Sometimes, the littlest things have the biggest impact. That’s the philosophy behind the Spineless Marvels exhibit in the San Diego Zoo’s Children’s Zoo. It provides a way for visitors to discover and appreciate spiders as well as scorpions and insects. Terrariums set into the walls offer a rare opportunity to marvel at these animals. Currently, you’ll find the fascinating bird-eating spider on exhibit, but different spiders rotate through the exhibit seasonally. You never know what you might find on display!
Likewise at the San Diego Zoo Safari Park, Hidden Jungle is a tropical exhibit home to the smaller and quieter critters you might miss in a rain forest, close enough for you to discover, such as birds, frogs, butterflies, and spiders. There’s a lot going on UNDER the leaves! Currently, there is a Mombasa golden starburst tarantula and a western black widow spider. The Park is expecting some new arrivals native to Africa, including horned baboon and Fort Hall baboon spiders.
Creating and maintaining a healthy habitat for spiders takes time, patience, and intense attention to detail. Temperature and humidity are monitored and adjusted to suit each species’ preferences. And although they’re small in size, meeting a spider’s needs takes a big effort. Keepers maintain the cleanliness and safety of enclosures, feed the spiders, and make health observations just as mammal, bird, and reptile keepers do.
For every spider or other insect you see at the Zoo, there are at least 10 more behind the scenes. At any given time, the Spineless Marvels building is home to 30 to 40 arthropod species, most of which live in the containment area. The containment area has separate entrance and exit vestibules. Each is a “clean room,” with no furniture or other potential hiding places. Each is also equipped with a mirror, so that keepers can check their back to make sure no one is “hitching a ride” into the great world beyond.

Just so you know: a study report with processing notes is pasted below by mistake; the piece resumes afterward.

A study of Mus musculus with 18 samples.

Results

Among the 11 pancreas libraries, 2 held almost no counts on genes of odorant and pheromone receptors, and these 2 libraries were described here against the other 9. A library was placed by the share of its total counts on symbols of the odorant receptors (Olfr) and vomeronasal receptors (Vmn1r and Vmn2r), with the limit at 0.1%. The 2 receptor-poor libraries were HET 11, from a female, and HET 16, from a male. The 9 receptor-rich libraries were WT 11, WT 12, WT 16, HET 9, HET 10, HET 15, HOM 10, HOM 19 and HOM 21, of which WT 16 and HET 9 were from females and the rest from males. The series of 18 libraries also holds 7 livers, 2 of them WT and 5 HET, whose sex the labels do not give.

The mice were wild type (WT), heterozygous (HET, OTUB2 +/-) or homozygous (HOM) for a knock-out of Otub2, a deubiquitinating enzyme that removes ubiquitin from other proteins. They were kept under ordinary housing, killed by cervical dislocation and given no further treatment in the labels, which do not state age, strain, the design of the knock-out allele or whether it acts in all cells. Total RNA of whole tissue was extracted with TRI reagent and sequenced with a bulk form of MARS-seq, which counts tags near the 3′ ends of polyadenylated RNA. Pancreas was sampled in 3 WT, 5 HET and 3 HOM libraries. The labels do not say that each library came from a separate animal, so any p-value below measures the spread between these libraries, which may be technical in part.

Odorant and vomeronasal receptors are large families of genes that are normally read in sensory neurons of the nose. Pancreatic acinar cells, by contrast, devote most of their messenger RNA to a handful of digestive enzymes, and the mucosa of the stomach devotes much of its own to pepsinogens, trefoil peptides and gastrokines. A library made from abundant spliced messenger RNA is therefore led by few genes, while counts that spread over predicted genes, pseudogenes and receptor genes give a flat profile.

Hear from our entomology experts by reading our Insect Blog.
Spiders often get a bad rap, and some people are afraid of them. But only a few species are dangerous to humans, and even they won’t bite unless they feel threatened.
Like so many animals, spiders are affected by habitat loss and by nonnative species introduced by humans that can often take over spider habitat. Some spider species threatened by international trade are protected by the Convention on International Trade in Endangered Species (CITES). Spiders can only be legally traded if CITES permits are obtained from the exporting country. The U.S. Fish and Wildlife Service occasionally brings spiders that are illegally shipped to the U.S. to the San Diego Zoo for care. The incoming spiders are given an assessment that includes measuring the leg span to approximate the size of the spider, determining gender, and recording the overall health of the animal.
Spiders are very important to the health of the ecosystem because they eat insects and other arthropods and keep their numbers in check. Spiders are also food for many animals, including humans, and tarantulas are considered a delicacy in many countries. Medical researchers are studying the chemicals in spider venom for use in treating diseases in humans. Let's hear it for spiders!